Parenting

Mammy Guilt – The Struggle is Real

If you’re a parent and happened to catch Karen Koster’s documentary on TV3 last week, “Mammy Guilt“, chances are that it resonated with you on some level. I related to the mammies that struggled with leaving their children to go to work, and with mammies that had made the decision to stay at home with their kids. I also understood the mums who were featured and were completely at peace with their decision to continue in their careers. What hit me most about the stories featured in the documentary, was that we all seem to suffer from mammy guilt, no matter what our situation might be. It also seems that those most critical of others decisions were other parents – baffling!

Mammy Guilt is one of the elements of being a parent that surprised me most, and that I wasn’t prepared for. I’ve been on both sides of the spectrum, having gone back to work when Jack was 5 months old, and packing it in three months later to be a stay-at-home mum. Working all day and being away from my baby ate me up inside, the thoughts of missing out on his childhood killed me. On the flipside, I love being at home with him but struggle with this new me. I’ve always been career driven, and have worked since I was 16. I feel guilty for missing that part of my life and guilty for not contributing financially to our household. The mammy guilt struggle is real, and we all need to go a bit easier on ourselves.

Two working mums featured on the documentary worked away from their families. One was a doctor who commuted from Dublin to Galway every week. She was shown face-timing her kids after work, with her children seeming happy and care-free at home with their dad. Another mum was an entrepreneur and marketing executive who commuted to Dublin from Dunmore East every week. She was interviewed on the Grand Canal Docks, looking every bit the professional that she is, but with no footage of her and her children. I was impressed by both of these women, excelling in their fields while raising families. I mentioned this to a friend, however, the next day and she didn’t share my views. She thought that the second mum was cold and didn’t seem bothered being away from her kids, and the first mum was lovely and warm. I pointed out that they both had the same family set-up, only you didn’t get to see the second mum with her children. I’m sure her children are also happy, well-adjusted kids, but I found my friends perception interesting.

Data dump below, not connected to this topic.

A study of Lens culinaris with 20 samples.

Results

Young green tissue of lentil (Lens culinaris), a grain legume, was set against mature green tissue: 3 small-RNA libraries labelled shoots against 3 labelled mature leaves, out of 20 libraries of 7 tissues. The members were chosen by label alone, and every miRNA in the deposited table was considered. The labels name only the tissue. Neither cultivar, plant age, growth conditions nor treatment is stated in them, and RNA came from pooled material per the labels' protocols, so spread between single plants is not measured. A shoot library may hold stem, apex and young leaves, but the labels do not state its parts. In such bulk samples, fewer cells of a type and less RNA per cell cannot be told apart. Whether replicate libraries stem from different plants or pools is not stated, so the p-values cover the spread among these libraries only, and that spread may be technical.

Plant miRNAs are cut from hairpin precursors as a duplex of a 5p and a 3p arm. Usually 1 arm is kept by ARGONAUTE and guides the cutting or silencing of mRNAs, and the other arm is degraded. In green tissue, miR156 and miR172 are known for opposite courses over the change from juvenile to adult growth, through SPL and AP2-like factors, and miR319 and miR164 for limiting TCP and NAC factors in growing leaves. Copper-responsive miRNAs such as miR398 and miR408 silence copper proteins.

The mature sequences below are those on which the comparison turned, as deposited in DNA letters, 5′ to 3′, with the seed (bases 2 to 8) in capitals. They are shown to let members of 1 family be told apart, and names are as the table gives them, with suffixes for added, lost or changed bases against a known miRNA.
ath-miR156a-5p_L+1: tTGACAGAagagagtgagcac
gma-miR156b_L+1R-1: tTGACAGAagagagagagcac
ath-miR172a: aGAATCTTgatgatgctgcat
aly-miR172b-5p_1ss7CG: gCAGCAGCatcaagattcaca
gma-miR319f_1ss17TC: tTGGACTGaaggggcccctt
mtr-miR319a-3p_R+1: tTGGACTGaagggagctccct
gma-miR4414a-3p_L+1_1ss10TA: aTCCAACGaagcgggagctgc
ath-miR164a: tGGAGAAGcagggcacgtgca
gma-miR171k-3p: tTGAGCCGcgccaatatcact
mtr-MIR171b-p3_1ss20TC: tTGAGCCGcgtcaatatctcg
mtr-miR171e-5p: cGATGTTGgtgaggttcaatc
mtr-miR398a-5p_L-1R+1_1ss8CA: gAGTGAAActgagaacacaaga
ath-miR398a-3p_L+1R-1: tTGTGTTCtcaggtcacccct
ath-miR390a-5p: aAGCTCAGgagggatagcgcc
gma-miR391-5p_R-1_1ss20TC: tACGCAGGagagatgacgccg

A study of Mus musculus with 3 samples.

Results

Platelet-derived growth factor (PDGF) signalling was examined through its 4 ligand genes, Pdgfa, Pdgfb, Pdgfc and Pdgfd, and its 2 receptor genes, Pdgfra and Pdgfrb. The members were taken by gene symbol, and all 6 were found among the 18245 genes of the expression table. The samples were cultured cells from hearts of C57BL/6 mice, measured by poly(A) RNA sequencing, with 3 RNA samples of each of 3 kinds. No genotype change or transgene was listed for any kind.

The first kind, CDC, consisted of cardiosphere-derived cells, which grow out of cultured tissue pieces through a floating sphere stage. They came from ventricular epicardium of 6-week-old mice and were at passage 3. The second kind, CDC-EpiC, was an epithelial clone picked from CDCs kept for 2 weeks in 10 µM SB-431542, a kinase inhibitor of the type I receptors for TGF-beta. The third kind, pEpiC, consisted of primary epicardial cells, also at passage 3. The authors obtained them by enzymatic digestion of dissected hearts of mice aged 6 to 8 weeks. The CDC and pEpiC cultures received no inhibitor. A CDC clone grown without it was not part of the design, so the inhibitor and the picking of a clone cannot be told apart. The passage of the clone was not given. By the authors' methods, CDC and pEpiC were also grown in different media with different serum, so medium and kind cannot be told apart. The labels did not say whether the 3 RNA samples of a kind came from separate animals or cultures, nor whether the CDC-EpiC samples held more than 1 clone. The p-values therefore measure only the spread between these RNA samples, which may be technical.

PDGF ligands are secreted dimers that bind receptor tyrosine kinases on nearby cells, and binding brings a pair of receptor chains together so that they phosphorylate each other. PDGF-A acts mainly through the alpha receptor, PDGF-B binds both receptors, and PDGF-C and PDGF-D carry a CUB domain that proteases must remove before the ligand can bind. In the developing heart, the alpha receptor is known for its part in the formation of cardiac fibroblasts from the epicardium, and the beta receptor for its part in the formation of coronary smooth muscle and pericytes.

Some thought should be given to the other side of the parenting team – Daddies. Daddy Guilt is a real thing too. The traditional stereotype of a father is changing, and dad’s are very hands-on these days. In fairness, I grew up in a household with a dad who did my hair before school every morning, so hands-on dad’s aren’t a new phenomenon. We don’t give much thought to the guilt that fathers carry around though – they are also making the choice to go to work, or stay-at-home, with the sacrifices that those decisions bring. My husband works in Dublin, and does the early morning wake-up with Jack every day, just so he can squeeze in time with him before work. With Jack wobbling around the house at the moment threatening to walk, we’ve also been on “first steps” watch, with Colm hoping he won’t walk when he’s not there to witness it. It’s hard on dad’s too, there is no perfect balance.

Since I’ve quit my job, I have had lots of family, friends, and complete strangers, tell me that I “did the right thing” and that “my place” is at home with my son. I happen to agree that right now, the best place for me is at home. However, that’s for my own needs as much as Jack’s. Jack would have been perfectly fine with a child minder 5 days a week, and I’m sure he would be just as happy, smart and social as he is now. Society pushes an ideal on women that their rightful place is at home, with their kids. This isn’t true. Some women thrive in the professional environment, and prefer the balance of family life and a career. Some love the stay-at-home life. For some women, the choice comes down to finances – they either can’t afford childcare, or can’t afford not to work. Regardless of whether a mother is at home 24/7, or juggling a full-time job and a family, all of us seem to carry some form of guilt around. We need to be kinder to ourselves, and kinder to others. If your kids are happy, loved and you’re meeting their basic needs, then guess what mammy? You’re doing an amazing job!